Italian Foreign Minister Antonio Tajani on Thursday abruptly cancelled a trip to Paris, calling remarks by the French interior minister criticising the Italian premier’s migration policy “unacceptable”.
Italy had demanded clarification of the remarks by French minister Gerald Darmanin to RMC radio blaming Italian Premier Giorgia Meloni for increasing numbers of migrants, notably minors, at the French-Italian border.
Darmanin told the broadcaster that Meloni “is incapable of resolving the migration problems for which she was elected.” He also accused her of “lying to the population,” a “vice” he said was shared by the far-right.
The remark was both a dig at Meloni and French far-right leader Marine Le Pen, noting that Meloni was elected by Le Pen’s “friends.” The president of Le Pen’s National Rally visited the border area on Wednesday, seemingly to revive the migration issue.
Darmanin’s comments came as Tajani was preparing to fly to Paris to meet with his French counterpart. The Italian foreign minister said the “offences” launched by the minister against the Italian government weren’t in “the spirit in which shared European challenges should be faced.”
The French Foreign Ministry backed off from Darmanin’s remarks, saying that French-Italy ties are “founded on mutual respect, between our two countries and between our leaders.” The statement said the French government wants to work with Italy on the issue of migration, particularly in the central Mediterranean, in a spirit of solidarity, in a reference to Tunisia.
Italy and France have sparred over migration policy since Meloni took office last year as Italy’s first post-war far-right leader. Her government ushered in hardline policies on migration, including standoffs with humanitarian rescue ships. Tensions spiked last fall after Italy forced France’s hand to accept the Ocean Viking with 234 migrants aboard after Italy had refused it port for weeks.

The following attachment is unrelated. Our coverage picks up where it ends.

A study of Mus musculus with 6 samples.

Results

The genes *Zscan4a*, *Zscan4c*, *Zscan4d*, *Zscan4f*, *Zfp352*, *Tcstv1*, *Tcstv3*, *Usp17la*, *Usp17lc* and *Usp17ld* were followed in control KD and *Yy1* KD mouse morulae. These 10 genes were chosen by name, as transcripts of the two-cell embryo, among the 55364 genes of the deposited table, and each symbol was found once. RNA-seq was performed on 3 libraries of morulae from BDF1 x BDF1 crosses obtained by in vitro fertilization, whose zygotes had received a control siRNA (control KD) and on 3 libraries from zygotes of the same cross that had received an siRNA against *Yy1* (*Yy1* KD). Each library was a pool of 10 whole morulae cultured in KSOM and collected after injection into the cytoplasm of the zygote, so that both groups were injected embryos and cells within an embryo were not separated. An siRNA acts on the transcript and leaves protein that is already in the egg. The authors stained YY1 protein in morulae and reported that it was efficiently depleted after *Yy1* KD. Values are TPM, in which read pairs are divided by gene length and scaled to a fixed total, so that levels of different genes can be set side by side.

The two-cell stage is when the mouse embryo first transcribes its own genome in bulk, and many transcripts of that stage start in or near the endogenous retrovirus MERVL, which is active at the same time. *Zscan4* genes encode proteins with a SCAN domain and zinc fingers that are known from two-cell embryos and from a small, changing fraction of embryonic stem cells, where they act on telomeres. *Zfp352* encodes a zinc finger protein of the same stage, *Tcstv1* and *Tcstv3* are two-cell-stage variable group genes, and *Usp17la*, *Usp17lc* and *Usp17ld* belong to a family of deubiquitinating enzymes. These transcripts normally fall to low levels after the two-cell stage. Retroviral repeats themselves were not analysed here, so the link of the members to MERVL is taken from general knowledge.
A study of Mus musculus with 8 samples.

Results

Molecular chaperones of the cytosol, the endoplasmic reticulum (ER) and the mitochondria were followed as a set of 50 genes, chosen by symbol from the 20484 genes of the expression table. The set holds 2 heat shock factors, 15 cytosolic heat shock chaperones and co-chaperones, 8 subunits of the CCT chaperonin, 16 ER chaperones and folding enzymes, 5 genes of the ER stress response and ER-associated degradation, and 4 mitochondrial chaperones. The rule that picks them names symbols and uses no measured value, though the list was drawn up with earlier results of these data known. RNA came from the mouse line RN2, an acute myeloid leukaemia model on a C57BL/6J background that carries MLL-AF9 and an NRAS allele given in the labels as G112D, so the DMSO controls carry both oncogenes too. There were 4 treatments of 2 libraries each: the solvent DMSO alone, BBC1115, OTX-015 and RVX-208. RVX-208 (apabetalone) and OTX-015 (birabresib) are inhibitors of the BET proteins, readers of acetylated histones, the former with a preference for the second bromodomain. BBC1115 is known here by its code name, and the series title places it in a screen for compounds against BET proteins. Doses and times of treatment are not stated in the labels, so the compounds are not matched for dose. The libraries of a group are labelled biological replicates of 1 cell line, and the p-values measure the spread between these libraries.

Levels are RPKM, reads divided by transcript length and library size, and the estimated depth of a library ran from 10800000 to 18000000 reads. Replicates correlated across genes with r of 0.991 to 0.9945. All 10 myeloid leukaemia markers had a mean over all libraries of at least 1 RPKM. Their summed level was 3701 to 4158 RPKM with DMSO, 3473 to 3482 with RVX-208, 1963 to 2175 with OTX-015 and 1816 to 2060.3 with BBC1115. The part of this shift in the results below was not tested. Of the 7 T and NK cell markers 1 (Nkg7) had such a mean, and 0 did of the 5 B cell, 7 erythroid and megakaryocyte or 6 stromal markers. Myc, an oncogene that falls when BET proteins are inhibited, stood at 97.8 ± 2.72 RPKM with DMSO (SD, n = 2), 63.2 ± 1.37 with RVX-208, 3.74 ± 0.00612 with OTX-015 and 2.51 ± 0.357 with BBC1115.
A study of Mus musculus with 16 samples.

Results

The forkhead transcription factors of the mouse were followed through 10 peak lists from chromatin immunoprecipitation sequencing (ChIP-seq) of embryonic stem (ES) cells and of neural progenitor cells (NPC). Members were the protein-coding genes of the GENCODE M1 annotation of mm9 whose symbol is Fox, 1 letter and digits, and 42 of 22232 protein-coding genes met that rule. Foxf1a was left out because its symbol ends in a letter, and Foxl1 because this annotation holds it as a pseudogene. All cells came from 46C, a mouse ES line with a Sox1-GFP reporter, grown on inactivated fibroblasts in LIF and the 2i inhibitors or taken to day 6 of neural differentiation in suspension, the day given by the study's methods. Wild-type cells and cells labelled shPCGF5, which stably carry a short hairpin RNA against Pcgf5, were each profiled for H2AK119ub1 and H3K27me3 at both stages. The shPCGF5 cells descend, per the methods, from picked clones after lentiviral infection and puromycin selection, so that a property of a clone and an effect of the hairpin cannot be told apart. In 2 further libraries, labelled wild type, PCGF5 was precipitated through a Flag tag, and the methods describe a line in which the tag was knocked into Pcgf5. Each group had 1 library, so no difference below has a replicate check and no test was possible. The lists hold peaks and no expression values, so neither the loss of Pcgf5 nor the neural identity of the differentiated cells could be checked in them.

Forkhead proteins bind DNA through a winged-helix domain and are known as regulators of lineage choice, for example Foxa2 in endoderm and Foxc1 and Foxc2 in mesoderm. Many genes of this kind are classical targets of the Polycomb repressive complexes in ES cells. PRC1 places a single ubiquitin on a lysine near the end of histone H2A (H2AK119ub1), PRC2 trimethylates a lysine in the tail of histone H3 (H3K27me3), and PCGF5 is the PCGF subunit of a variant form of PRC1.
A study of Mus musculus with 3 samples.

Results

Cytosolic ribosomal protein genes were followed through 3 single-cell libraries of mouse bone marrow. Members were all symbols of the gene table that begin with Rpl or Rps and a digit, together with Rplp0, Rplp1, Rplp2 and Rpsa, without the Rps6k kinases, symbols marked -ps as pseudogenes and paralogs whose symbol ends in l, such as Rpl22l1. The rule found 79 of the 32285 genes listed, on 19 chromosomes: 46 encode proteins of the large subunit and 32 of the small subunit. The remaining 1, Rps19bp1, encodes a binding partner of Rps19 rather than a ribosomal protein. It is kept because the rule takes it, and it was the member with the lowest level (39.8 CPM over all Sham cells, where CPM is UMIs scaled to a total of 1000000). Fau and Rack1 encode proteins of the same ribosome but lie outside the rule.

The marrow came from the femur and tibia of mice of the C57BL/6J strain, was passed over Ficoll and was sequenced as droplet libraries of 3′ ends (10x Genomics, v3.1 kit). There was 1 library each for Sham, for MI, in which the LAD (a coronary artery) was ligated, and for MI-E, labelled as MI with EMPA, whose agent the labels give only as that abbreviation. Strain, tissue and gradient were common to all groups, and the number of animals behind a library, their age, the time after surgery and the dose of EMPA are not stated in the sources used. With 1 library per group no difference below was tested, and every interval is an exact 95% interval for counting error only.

Italy’s defence minister, Guido Grosetto, who is one of Meloni’s closest associates and a staunch supporter of her emphasis on national sovereignty, insisted Darmanin should apologize to both the Italian government and to Meloni.
“This strange and incomprehensible habit of some exponents of European governments to try to interfere in Italian public life today crossed the alert level,” Crosetto said in a written statement released by his ministry.
The Italian minister added: “It doesn’t take a genius to understand that to damage the relations between founding nations of the EU cannot but weaken each of us.” He said Italy would like to discuss “even with France” how to solve immigration problems “in a serious and common way, not squabble in public to obtain a newspaper headline or one more vote.”